One of the challenges of writing an essay using sources is successfully integrating your ideas with the material from your sources. Your essay must explain what you think, or it will read like a disconnected string of facts and quotations. However, you also need to support your ideas with research or they will seem insubstantial. How do you strike the balance?
Balancing your own ideas with sources’ ideas involves synthesizing the information from those sources so that you can blend multiple source ideas into your own idea structure that supports your thesis. The following video offers information about the concept of synthesis, or blending ideas from others’ with your own in research writing.
One main method of synthesizing source information with your own ideas is to offer your own comments and insights about others’ ideas that you have included from your research. Once you have analyzed the texts involved in your research and taken notes, you must turn to the task of writing your essay. The goal is here is not simply to summarize your findings. Critical writing requires that you communicate your analysis, synthesis, and evaluation of those findings to your audience.
Integrating materials from sources into your own text can be tricky; if you consider the metaphor that writing a paper and including sources is a way of facilitating a conversation about a topic, it helps to think about how this will best work.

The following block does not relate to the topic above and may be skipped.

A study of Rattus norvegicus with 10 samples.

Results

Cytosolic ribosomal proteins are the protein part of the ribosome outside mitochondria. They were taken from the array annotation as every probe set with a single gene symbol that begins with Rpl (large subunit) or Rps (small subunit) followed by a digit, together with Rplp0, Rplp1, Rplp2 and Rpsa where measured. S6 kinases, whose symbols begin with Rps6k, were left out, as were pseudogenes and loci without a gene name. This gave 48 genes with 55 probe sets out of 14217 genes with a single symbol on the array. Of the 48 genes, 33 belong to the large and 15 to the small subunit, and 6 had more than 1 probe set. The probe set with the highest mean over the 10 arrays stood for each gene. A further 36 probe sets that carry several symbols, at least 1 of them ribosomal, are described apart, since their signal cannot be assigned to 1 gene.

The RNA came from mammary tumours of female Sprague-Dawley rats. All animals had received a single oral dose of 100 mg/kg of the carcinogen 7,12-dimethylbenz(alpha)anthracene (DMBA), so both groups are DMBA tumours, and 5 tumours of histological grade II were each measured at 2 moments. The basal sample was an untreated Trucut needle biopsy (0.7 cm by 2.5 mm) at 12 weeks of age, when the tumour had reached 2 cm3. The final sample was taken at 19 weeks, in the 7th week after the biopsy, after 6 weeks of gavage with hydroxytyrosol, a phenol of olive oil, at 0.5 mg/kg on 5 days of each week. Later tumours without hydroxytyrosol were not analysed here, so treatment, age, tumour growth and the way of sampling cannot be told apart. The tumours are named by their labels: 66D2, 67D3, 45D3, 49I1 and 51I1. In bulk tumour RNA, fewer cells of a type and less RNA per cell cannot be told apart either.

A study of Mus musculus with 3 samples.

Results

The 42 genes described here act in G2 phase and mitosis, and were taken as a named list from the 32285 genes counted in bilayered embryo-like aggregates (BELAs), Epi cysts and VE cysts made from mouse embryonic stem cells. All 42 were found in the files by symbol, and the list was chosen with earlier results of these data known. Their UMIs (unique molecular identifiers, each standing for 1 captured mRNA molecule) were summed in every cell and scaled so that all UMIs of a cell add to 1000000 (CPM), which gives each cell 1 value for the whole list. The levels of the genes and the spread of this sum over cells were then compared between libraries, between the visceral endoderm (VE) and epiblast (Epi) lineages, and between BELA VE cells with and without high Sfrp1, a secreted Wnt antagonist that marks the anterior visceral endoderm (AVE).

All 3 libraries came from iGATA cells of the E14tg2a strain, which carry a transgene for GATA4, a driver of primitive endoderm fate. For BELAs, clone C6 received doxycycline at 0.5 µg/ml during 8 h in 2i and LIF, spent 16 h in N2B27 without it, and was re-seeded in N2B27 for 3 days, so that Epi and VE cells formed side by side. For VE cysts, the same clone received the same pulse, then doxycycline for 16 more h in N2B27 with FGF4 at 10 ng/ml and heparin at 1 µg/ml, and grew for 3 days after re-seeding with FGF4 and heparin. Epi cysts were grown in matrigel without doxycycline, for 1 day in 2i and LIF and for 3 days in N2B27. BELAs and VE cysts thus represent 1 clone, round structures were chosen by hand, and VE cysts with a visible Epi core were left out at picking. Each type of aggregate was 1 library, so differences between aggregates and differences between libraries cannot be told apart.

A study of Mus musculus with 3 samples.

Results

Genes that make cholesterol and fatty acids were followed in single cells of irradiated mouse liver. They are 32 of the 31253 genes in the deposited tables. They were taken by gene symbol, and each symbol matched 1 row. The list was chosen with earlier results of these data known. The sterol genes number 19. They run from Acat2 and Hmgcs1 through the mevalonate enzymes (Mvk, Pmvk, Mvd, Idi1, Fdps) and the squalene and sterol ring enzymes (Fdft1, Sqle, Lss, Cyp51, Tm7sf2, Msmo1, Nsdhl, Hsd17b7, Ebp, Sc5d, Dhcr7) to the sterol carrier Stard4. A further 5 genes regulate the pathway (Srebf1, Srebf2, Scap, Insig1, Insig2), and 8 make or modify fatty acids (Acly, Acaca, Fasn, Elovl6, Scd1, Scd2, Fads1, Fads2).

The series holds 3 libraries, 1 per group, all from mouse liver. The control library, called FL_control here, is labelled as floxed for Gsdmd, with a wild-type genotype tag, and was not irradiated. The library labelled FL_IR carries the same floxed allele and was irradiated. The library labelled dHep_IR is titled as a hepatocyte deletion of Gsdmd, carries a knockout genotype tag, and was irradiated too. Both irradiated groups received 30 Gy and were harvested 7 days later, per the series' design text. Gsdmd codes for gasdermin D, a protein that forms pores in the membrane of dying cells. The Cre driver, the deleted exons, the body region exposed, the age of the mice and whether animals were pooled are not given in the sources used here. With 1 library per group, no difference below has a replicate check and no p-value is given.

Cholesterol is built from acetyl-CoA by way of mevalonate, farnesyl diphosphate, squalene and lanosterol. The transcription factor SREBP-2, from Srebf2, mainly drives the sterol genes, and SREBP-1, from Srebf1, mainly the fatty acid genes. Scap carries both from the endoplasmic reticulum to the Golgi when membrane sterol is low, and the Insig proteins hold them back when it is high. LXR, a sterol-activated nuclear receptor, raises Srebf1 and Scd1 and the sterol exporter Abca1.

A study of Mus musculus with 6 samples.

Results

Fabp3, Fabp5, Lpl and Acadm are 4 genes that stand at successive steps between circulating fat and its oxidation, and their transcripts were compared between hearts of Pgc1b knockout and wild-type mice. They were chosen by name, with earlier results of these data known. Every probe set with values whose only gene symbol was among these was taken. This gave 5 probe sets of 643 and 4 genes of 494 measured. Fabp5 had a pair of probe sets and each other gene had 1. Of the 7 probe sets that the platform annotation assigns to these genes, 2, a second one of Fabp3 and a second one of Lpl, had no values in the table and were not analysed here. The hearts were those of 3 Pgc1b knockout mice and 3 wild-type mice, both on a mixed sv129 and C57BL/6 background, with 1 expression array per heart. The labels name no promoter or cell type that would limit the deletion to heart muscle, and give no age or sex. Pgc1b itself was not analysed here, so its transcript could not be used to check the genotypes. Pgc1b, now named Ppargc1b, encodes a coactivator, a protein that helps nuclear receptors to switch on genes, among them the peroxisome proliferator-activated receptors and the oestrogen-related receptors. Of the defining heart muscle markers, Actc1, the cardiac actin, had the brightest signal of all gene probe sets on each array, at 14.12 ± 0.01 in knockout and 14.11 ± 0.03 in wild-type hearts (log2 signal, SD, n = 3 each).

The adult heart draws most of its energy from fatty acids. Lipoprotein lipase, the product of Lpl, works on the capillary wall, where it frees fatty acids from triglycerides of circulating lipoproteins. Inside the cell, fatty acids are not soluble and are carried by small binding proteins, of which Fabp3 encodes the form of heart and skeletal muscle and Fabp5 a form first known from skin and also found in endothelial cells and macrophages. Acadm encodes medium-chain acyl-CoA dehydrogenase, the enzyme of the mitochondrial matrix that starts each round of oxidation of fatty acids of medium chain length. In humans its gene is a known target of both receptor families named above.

When you’re discussing a topic in person with one or more people, you will find yourself referencing outside sources: “When I was watching the news, I heard them say that . . . I read in the newspaper that . . . John told me that . . .” These kinds of phrases show instances of using a source in conversation, and ways that we automatically shape our sentences to work references to the sources into the flow of conversation.
Think about this next time you try to work a source into a piece of writing: if you were speaking this aloud in conversation, how would you introduce the material to your listeners? What information would you give them in order to help them understand who the author is, and why her view is worth referencing? After giving the information, how would you then link it back to the point you were trying to make? Just as you would do this in a conversation if you found it necessary to reference a newspaper article or television show you saw, you also need to do this in your essays.
As you can see, using sources involves much more than just including a series of quotations in your essay. To avoid falling into the trap of having strings of quotations and very little else in a research essay, follow a few simple pointers:
- Avoid using strings of long quotations. The overuse of long quotations gives the reader the impression you cannot think for yourself.
- Use summaries and paraphrases in addition to direct quotations. To the reader, the effective use of summaries and paraphrases indicates that you took the time to think about the meaning behind the quote’s words.
- Make sure to comment on any information you quote, summarize, and paraphrase. Remember that your researched information is there to support to your own ideas and logical argument in your research essay, and that incorporating research is like creating a conversation.
- Finally, make sure to identify all of your quoted, summarized, and paraphrased information with citations, so your reader can easily differentiate your sources’ from your own information and ideas.